Selling your own crafts at a fair can be a frustrating task. Depending on the area, season and a variety of other factors, it may be hit or miss. While there is no one craft that is sure to sell out and make you rich, gaining knowledge of certain trends can help you sell more at your next craft show.
Quality Over Quantity
When people buy handcrafted items, they're looking for fine craftsmanship. They're looking for unique items, too. Shoppers don't go to craft shows to buy the same thing that everyone else has.
Keep this in mind when you're crafting items. Don't rush to mass-produce the exact same item over and over. The quality of your work will suffer, and you will most likely sell less items. Take your time and make every piece you create different in some subtle way, and you'll sell more products.
What to Sell
The economics of supply and demand will work in your favour if you limit the amount of a particular item you create. Create a "limited edition" craft, and let buyers know that once it's gone, it's gone. If you really want to make a big deal about it, you might number the items and print out a certificate for each one.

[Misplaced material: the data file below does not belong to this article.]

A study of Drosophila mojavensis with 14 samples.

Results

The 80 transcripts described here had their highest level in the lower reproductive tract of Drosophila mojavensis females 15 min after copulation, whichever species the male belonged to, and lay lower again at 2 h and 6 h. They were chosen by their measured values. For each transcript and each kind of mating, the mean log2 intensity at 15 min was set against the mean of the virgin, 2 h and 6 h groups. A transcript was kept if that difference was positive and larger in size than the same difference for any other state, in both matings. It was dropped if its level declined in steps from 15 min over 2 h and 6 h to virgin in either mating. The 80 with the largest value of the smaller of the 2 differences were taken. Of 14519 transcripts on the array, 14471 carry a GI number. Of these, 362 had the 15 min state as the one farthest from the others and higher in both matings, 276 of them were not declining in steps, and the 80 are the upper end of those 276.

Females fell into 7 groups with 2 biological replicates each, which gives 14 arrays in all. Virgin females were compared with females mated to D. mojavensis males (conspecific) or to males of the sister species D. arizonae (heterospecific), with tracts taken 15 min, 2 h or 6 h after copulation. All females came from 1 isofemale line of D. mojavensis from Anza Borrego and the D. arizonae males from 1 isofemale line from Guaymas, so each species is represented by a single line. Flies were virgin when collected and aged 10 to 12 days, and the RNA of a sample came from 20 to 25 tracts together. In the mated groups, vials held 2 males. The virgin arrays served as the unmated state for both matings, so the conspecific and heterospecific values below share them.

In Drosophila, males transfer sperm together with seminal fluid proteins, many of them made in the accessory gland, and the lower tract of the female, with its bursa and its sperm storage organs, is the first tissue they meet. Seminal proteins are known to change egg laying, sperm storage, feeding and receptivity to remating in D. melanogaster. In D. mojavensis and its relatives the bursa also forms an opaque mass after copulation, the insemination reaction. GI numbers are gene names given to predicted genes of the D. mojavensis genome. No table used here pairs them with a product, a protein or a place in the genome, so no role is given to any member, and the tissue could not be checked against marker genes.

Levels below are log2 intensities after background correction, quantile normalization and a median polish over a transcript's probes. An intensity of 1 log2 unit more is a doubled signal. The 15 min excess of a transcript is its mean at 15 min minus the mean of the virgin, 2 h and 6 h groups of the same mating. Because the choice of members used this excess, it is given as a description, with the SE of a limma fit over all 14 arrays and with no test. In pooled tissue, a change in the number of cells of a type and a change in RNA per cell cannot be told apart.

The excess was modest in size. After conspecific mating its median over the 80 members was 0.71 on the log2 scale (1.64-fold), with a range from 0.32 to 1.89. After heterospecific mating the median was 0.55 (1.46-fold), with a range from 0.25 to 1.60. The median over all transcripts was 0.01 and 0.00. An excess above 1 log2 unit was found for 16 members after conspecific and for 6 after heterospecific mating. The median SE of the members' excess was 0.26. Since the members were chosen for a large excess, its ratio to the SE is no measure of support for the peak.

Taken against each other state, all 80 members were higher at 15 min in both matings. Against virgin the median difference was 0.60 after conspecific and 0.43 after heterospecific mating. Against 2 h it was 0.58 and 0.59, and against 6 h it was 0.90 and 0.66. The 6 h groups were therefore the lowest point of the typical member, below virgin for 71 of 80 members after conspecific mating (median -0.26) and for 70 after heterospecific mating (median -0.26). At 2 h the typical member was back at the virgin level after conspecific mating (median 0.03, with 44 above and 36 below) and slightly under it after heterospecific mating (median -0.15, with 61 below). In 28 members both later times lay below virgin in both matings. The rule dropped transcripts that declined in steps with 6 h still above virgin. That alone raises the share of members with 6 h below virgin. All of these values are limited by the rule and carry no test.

Create a theme that you centre most of your crafts around. For example, you could centre your crafting around dogs and create dog collars, leashes, sweaters and clothes. Or create a variety of the same item, such as purses and wallets. Shoppers are more likely to shop at a booth that has an easily identifiable, cohesive theme than a booth that sells a hodgepodge of random items.
If you have a way to personalise the items you sell, you will sell more, and you can charge extra. Shoppers are more likely to buy a personalised item, especially if they're looking for a gift.
Do Your Research
Trends often show up on online sites such as eBay and Etsy. Search for crafts that you are thinking of selling, and see which ones have had the most bids or how many have sold in the past month. This may give you an idea of what is currently popular in the crafting business.
Attend other craft fairs in the area and peruse the booths. Pay attention to who is buying what. Talk to the vendors and ask them what products are selling. They will most likely be happy to give you some pointers.
Make sure to sell a variety of items in different price ranges. Some shoppers may only have £6 to spend, while others may have £65. You will increase sales if you can reach each of these different markets.
If the type of craft you are selling is small and portable and you have the time, consider giving a demonstration or work on pieces at the craft fair. Bystanders are often drawn in and love to watch an artist at work.
If you're selling seasonal or holiday items, you will need to craft them a few months in advance so you can sell them a month or two before the season starts.